If there's an even darker side to Hollywood than the one America is familiar with, Bruce Wagner has found it. A twenty-first-century Nathanael West, he has been hailed for his powerful prose, his Swiftian satire, and the scalpel-sharp wit that has, in each of his novels, dissected and sometimes disemboweled Hollywood excess.
Now, in his most ambitious book to date, Still Holding, the third in the Cellular Trilogy that began with I'm Losing You and I'll Let You Go, Wagner immerses readers in post-September 11 Hollywood, revealing as much rabid ambition, rampant narcissism, and unchecked mental illness as ever. It is a scabrous, epiphanic, sometimes horrifying portrait of an entangled community of legitimate stars, delusional wanna-bes, and psychosociopaths. Wagner infiltrates the gilded life of a superstar actor/sex symbol/practicing Buddhist, the compromised world of a young actress whose big break comes when she's hired to play a corpse on Six Feet Under, and the strange parallel universe of look-alikes -- an entire industry in which struggling actors are hired out for parties and conventions to play their famous counterparts. Alternately hilarious and heartfelt, ferocious and empathetic, Still Holding is Bruce Wagner's most expertly calibrated work.
Bruce Wagner is the author of The Chrysanthemum Palace (a PEN Faulkner fiction award finalist); Still Holding; I'll Let You Go (a PEN USA fiction award finalist); I'm Losing You; and Force Majeure. He lives in Los Angeles.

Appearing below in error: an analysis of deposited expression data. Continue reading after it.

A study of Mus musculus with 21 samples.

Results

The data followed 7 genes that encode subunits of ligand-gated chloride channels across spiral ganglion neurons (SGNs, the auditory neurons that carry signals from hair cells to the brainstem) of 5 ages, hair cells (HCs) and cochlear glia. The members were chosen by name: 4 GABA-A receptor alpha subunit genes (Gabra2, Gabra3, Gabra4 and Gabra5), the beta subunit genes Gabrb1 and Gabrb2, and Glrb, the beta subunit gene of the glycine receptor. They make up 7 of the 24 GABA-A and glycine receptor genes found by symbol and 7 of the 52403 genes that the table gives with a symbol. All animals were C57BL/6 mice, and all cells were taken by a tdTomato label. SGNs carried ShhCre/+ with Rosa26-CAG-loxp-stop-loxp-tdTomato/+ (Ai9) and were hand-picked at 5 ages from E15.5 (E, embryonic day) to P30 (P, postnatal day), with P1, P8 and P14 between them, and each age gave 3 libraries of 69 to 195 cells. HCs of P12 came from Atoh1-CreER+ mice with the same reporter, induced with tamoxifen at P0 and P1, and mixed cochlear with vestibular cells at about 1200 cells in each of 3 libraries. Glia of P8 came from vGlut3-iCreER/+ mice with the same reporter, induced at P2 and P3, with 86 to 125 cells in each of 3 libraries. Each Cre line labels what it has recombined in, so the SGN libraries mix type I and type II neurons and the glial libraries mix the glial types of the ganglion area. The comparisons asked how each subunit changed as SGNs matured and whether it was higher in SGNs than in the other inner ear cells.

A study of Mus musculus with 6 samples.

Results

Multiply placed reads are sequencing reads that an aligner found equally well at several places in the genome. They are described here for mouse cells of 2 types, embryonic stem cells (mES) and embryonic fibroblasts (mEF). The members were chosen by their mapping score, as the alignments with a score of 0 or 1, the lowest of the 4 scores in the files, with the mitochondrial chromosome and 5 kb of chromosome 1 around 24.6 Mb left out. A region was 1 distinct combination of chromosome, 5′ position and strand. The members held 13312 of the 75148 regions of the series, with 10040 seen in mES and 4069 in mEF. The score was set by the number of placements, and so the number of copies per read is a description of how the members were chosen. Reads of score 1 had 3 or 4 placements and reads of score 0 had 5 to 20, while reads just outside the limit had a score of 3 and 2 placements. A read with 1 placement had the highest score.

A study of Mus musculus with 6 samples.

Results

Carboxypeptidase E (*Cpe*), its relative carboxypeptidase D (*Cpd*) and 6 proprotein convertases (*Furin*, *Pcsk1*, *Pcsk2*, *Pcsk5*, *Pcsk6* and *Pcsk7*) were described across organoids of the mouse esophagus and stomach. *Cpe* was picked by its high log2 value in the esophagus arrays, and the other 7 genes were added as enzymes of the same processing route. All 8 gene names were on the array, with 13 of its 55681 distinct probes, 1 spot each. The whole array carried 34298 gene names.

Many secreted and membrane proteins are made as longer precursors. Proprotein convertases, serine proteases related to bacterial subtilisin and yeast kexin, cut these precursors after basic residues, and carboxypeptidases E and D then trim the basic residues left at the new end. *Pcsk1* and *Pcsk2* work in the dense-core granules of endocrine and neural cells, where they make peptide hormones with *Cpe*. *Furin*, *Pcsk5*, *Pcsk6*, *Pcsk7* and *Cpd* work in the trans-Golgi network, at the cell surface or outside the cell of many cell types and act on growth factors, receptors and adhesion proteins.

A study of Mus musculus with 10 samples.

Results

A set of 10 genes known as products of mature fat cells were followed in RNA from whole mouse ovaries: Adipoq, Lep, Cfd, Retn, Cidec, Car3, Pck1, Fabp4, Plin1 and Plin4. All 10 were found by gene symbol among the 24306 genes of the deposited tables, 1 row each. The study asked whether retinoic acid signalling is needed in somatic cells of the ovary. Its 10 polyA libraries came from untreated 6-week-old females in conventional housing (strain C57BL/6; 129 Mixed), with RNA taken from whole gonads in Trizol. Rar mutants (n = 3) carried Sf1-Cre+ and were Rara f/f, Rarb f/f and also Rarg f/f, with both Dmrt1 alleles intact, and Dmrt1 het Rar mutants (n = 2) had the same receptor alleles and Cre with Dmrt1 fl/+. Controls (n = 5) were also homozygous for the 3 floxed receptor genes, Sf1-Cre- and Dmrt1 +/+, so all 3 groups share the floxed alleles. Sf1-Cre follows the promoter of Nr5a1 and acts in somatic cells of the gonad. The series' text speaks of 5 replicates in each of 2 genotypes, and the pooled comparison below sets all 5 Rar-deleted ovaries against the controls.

James Ellroy Still Holding is Bruce Wagner's masterpiece.
The Washington Post What Wagner does, nobody does better. He is the Nathanael West, the Budd Schulberg of our time, the go-to guy for closely observed novels about a sun-soaked hellhole that may or may not be a real place.
"Still Holding finds the Nabakov of New Age Angeleno life in the best form of his career - which is saying something...Probably because of the ghettoization of the Hollywood novel, Wager has never received the Franzen-like critical adulation that he deserves. Then again, he has never particularly sought celebrity; he has simply made it his own territory, with as much genius and ferocity as Faulkner applied to laying bare the gloriously unsavory humanity of Yoknapatawpha County."
"Wagner's ability to limn the mercurial ways of Hollywood is astonishing, and he...writes with a fiery grace...A brutal phantasmagoria on the pleasures and perils of the dream factory."
-- Kirkus Reviews
"Wagner has the ...marvelous ability to be resolutely kind and unsparingly cutting at the same time, a contradiction played out hilariously in [Still Holding]."
-- Entertainment Weekly
"[A] scathing, keenly observed tragicomedy of manners."
-- W Magazine
"The effect is like a Buddhist El Greco, a coil of figures spiraling awkwardly heavenward against a garish backdrop...But it's a gorgeous freak show, and part of the pleasure is that Wagner seems to be having so much fun."
-- New York Magazine
"Bruce Wagner writes comedies of manners...and they're caustic enough to take the paint off walls, which is why they're so memorable...[Still Holding] is just sardonic enough to be hilarious and just serious enough to be scary."
-- Janet Maslin on CBS-TV "Sunday Morning"
"Bruce Wagner is a moralist whose misfortune it is to have as his subject the self-crazed, affect free, excess-addicted world capital of amorality, Hollywood. His hard luck is our good fortune. In blazing, high-speed prose he tears into his subject with a taboo-breaking savage rage disguised as wild comedy. He is a visionary posing as a farceur."
-- Salman Rushdie
"Still Holding is Bruce Wagner's masterpiece. It's the place where his razor-eyed contempt melts, and he extends to his Hollywood doomed and damned a horrible empathy and pity. It's a primer and a Baedeker of the corruption of media and the human cost of playing game. This book contains miracles of wit, laughter and social commentary. It's a Hollywood novel that embraces everyone who has ever wanted to be someone else. Wagner's heart and energy abound."